Venue: N44, St Mary's University

Speaker: Dr Nancy Albhaisi

UNRWA stands for the United Nations Relief and Works Agency for Palestinian Refugees in the Near East. Human Rights Education (HRE) is one of UNRWA’s programmes that aims to spread the culture of human rights through formal education. This programme promotes tolerance and conflict resolution, the main concepts underpinning both the policy and the schools’ human rights textbooks. However, the static notion of the universality of human rights faces challenges when considering Palestinian refugees’ experiences as suspended legal subjects who have neither a recognized Palestinian state nor citizenship.

Palestinian refugees experience constant discrimination and human rights violations as a result of political intricacies and the international community’s inability to perform effectively. The HRE programme raises concerns related to the extent to which UNRWA is aware of the representation of refugees’ identities, collective memory and struggle, as seen from a local perspective. This presentation will explore the process of identity construction in the HRE programme as opposed to the existent local process of identity construction, which is rooted in oral history, narratives and collective memory of three generations of Palestinian refugees.     

About the speaker

A Palestinian native of Gaza, Dr Albhaisi taught English at UNRWA schools in Gaza for four years. She developed a passion for studying the impact of the Human Rights Education (HRE) programme on Palestinian refugee students. Her MA focus was on exploring the ways in which drama and theatre pedagogy can promote democratic participation through human rights teaching. She volunteered at different local institutions in Gaza to conduct workshops on drama and theatre practice. She participated, as a trainer, a translator and a researcher for the ‘Music Fund’ project on using music as a pedagogical tool at UNRWA schools.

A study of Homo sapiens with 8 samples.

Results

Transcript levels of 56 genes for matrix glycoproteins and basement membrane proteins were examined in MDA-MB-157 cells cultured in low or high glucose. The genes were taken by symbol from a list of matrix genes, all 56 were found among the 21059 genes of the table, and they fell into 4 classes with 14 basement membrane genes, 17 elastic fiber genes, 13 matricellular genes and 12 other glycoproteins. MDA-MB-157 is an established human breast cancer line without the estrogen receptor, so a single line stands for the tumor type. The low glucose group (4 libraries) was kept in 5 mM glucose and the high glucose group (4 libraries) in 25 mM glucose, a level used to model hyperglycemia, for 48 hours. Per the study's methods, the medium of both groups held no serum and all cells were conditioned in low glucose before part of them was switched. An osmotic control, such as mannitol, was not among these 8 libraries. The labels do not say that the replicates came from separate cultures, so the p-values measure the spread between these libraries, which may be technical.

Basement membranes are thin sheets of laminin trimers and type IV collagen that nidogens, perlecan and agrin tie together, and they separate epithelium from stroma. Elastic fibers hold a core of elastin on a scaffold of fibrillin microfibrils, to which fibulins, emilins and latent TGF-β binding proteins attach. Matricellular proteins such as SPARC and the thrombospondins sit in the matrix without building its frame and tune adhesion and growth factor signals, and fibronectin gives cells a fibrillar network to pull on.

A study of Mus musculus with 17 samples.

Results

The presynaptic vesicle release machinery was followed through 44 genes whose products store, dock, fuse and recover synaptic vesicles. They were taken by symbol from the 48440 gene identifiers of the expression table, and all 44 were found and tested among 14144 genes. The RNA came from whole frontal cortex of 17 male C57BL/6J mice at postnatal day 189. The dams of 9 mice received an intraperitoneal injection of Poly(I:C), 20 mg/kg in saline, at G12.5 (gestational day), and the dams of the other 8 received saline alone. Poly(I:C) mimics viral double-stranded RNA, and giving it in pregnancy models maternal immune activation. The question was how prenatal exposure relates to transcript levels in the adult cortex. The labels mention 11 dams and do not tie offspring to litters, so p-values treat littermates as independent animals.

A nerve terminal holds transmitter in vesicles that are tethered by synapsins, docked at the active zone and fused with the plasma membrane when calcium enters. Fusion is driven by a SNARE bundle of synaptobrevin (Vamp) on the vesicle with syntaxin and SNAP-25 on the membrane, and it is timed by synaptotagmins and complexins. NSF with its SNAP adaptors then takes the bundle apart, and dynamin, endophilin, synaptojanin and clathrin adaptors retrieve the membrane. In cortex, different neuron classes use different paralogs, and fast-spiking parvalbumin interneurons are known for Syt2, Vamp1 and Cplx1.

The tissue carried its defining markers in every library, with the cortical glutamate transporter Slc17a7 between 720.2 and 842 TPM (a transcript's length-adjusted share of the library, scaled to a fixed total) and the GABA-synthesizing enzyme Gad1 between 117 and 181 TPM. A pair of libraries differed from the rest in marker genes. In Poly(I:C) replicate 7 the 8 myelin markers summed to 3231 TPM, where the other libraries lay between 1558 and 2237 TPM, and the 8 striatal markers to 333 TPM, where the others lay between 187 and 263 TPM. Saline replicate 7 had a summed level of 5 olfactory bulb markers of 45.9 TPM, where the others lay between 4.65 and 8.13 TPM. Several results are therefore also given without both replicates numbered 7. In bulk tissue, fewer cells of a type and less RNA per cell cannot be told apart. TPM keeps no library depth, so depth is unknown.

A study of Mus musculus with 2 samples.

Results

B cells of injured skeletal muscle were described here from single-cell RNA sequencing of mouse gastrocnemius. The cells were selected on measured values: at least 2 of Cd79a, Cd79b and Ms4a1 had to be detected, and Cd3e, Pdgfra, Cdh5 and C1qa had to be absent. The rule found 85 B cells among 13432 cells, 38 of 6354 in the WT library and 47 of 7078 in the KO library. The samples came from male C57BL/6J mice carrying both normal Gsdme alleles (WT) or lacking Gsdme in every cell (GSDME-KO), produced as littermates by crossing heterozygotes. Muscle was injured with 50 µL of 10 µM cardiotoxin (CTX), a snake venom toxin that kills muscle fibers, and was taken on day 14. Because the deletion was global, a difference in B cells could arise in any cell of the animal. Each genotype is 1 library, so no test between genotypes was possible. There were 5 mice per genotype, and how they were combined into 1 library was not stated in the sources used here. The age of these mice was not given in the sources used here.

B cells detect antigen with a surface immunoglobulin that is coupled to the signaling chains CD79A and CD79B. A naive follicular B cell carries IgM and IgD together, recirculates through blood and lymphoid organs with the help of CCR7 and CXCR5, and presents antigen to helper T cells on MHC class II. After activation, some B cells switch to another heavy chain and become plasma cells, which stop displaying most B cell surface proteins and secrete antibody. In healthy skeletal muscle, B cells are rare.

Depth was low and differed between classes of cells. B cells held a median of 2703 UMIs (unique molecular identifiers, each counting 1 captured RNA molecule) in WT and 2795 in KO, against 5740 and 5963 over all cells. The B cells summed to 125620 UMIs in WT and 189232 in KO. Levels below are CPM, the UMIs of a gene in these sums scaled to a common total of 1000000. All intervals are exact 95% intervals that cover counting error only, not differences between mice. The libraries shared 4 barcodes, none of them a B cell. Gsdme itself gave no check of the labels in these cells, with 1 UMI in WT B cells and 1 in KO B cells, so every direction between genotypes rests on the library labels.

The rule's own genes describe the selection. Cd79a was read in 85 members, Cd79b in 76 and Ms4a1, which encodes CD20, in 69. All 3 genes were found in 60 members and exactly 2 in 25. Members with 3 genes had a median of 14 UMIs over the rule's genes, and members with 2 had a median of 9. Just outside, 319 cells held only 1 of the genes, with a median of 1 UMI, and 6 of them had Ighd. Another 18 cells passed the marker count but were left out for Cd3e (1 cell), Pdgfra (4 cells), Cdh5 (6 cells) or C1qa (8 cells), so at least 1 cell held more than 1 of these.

This pedagogical curiosity, combined with her passion for researching HRE, encouraged her to engage in further research in HRE in relation to identity construction. This contributed to developing her PhD study in which she carried out a Critical Discourse Analysis of UNRWA’s HRE programme at UNRWA schools in the Gaza Strip. She carries on her independent research into human rights, identity construction and reconstruction, collective memory, gender inequalities, and peace and reconciliation.